Arturo Luz, one of Asia’s most influential modernists, died on 26 May, in Manila, aged 94. An artist, curator and museum director, for decades Luz was a pivotal force in culture for the Philippines and the surrounding region. “We will miss Mr. Luz whose presence has loomed large in shaping Philippine modern art,” the National Museum of the Philippines says in a statement.
Born to a family of industrialists, Luz received his first degree in Fine Arts at the University of Santo Tomas in Manila. He then studied at the California College of Arts and Crafts in Oakland, the Art School of the Brooklyn Museum in New York, and at the Académie Grade Chaumière in Paris. He returned to live the Philippines in the early 1950s, though he frequently traveled abroad, moving to Rome for several months at one point.
A key figure in Filipino neo-realism, Luz was best known as an artist who liked to use spare lines and dramatic compositions in his practice that included painting, collage, printmaking, sculpture and photography. In 1997, the Philippine government designated him a National Artist, the country’s most prestigious cultural accolade.
When Luz’s works occasionally come up for sale today, they continue to be some of the most sought-after in the Philippine art market and at auctions. He exhibited internationally, including at the 1962 International Art Salon in Saigon, the 1971 Sao Paulo Biennial, the 1974 Tokyo International Print Biennial, and the 1984 British International Print Biennale.
As an art administrator and curator from the 1960s onwards, he championed a modernist visual language in sharp contrast to prevailing fashions favouring classic European painting and sculpture. For the 1974 opening of New York’s Philippine Center—a Fifth Avenue building that continues to house the country’s trade, tourism and culture missions—Luz was tasked by the then-First Lady of the Philippines, Imelda Marcos, to assemble a collection of contemporary works by 52 prominent Philippine artists. They included works by BenCab, Jose Joya, and himself.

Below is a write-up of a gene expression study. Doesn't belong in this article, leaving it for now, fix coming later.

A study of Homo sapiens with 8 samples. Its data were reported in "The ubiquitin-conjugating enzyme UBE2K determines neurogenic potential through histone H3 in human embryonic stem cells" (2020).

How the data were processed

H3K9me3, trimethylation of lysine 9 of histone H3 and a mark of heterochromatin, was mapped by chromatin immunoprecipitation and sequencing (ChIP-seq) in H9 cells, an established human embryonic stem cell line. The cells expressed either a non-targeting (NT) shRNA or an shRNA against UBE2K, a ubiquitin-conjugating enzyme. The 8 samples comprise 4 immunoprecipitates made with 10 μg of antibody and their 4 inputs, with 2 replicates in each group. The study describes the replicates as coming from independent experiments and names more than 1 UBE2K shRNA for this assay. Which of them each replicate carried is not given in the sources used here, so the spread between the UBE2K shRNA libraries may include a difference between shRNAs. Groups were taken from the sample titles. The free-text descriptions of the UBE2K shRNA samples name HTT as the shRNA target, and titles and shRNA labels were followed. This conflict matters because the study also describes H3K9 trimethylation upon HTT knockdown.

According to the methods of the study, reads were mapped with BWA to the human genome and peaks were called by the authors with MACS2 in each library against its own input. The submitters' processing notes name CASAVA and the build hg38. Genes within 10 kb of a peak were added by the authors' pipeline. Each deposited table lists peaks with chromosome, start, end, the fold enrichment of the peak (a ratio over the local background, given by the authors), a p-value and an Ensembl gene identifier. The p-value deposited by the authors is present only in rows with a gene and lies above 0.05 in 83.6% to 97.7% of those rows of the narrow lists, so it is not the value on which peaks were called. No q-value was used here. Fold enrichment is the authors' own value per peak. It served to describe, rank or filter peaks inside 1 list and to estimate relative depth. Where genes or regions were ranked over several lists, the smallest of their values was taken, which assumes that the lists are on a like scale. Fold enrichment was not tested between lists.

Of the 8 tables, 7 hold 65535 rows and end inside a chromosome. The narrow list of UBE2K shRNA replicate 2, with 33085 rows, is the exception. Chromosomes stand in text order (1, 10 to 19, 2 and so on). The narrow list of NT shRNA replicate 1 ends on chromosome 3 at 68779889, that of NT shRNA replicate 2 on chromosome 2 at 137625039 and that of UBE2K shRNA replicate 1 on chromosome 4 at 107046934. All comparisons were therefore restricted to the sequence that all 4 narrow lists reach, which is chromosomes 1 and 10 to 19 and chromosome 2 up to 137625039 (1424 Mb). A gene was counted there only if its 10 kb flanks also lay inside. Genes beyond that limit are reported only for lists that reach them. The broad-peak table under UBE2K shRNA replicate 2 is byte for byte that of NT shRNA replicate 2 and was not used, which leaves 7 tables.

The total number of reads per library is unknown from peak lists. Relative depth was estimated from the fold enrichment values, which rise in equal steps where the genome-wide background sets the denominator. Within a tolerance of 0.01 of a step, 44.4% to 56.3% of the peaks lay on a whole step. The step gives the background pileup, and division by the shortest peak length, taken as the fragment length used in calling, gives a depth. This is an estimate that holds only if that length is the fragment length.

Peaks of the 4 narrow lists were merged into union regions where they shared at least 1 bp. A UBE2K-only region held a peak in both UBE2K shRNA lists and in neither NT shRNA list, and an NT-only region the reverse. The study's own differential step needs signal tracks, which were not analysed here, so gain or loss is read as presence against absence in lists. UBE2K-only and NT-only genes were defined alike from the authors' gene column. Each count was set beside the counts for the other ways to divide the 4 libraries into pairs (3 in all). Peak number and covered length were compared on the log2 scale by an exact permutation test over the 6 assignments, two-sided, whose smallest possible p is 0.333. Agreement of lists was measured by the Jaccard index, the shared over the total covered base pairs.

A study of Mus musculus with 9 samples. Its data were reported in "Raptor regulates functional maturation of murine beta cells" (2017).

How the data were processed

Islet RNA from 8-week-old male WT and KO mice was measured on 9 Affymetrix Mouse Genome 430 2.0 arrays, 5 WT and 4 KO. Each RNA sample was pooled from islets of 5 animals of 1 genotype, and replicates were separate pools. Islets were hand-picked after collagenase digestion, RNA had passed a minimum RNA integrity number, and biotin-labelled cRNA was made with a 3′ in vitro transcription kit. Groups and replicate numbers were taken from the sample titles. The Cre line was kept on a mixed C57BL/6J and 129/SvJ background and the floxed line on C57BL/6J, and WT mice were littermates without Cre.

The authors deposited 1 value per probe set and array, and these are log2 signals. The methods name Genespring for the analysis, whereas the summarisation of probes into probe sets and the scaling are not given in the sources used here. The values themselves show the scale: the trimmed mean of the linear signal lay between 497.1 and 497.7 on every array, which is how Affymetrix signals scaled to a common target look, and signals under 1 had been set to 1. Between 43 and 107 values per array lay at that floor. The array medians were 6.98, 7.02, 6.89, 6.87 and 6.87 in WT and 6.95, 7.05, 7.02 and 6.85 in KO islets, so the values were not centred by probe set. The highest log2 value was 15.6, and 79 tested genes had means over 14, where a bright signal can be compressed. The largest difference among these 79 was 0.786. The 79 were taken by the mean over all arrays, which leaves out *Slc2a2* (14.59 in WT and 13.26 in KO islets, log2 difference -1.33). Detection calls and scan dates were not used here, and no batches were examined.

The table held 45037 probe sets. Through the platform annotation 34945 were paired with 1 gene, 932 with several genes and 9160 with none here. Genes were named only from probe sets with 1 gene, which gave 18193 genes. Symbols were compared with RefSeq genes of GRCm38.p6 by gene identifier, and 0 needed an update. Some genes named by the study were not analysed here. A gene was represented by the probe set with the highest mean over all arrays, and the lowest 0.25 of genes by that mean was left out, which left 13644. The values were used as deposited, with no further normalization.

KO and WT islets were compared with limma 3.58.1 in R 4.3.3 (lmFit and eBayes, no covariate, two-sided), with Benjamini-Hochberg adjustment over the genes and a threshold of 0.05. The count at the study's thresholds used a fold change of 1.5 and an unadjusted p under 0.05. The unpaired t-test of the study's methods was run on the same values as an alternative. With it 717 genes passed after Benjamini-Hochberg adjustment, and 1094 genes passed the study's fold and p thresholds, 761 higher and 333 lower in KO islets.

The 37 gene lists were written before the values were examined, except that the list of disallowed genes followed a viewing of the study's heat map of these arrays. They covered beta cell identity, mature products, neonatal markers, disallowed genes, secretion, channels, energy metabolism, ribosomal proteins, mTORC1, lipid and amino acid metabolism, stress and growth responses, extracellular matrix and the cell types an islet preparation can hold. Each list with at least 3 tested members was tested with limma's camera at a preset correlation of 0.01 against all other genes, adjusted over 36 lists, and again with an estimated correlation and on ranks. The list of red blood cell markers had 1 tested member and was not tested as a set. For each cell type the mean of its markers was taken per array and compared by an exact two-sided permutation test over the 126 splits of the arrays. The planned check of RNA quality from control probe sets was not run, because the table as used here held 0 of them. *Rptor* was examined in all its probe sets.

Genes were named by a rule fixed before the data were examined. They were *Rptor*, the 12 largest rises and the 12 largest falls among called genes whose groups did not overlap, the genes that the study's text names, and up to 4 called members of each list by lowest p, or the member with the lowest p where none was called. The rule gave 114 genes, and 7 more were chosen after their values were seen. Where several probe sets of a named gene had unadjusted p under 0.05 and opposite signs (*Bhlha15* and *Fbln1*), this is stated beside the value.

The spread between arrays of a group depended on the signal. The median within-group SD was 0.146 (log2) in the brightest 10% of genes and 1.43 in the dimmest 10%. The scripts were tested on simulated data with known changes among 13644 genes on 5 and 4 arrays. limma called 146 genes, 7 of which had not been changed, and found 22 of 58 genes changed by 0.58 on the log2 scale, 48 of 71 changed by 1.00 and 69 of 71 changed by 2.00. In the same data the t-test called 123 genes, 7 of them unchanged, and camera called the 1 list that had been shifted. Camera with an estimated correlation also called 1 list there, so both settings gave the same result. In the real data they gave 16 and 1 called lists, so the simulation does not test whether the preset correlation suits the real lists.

Some 115 pieces from that collection recently returned to Manila for the first time. They are the subject of The Homecoming Exhibition of the Philippine Center New York Core Collection of 1974, a major show that opened in March at the National Museum of Fine Arts. In-person access to the exhibition has been very limited due to the government’s pandemic safety regulations, but the show is scheduled to run until February 2022.
From 1976 to 1986, Luz served as the director of the Metropolitan Museum of Manila, a public institution that he started with the backing of Imelda Marcos. As he envisioned it, the museum’s mission was to showcase local and foreign contemporary art, one of the first such government-sponsored spaces in Asia.
Luz was at the helm of the museum in 1982 when it presented the Contemporary Hong Kong Art Exhibition, one of the first large survey shows of “new” art from Hong Kong. It featured painters and sculptors including Luis Chan, Cheung Yee, Irene Chou, Liu Kuo-Sung and Antonio Mak, now recognised as important personalities in Chinese contemporary art history. At the time, such aesthetics had a limited audience among art lovers in Hong Kong and Taiwan.
Luz also served as the founding director of the Design Center of the Philippines, and the now-closed Museum of Philippine Art. In addition, he collaborated extensively on public art and building projects with Leandro Locsin, a Filipino pioneer in tropical Brutalist architecture.
From 1960 to 2002, his wife Tessie, who passed away in 2019, operated the Luz Gallery, arguably the first professionally run commercial gallery in the Philippines, promoting contemporary art.
Luz’s death was preceded by many years of illness. His daughter Angela announced his passing via social media, saying: “He enriched our lives with his art, with his incredible talent and his genius… His legacy will live on.”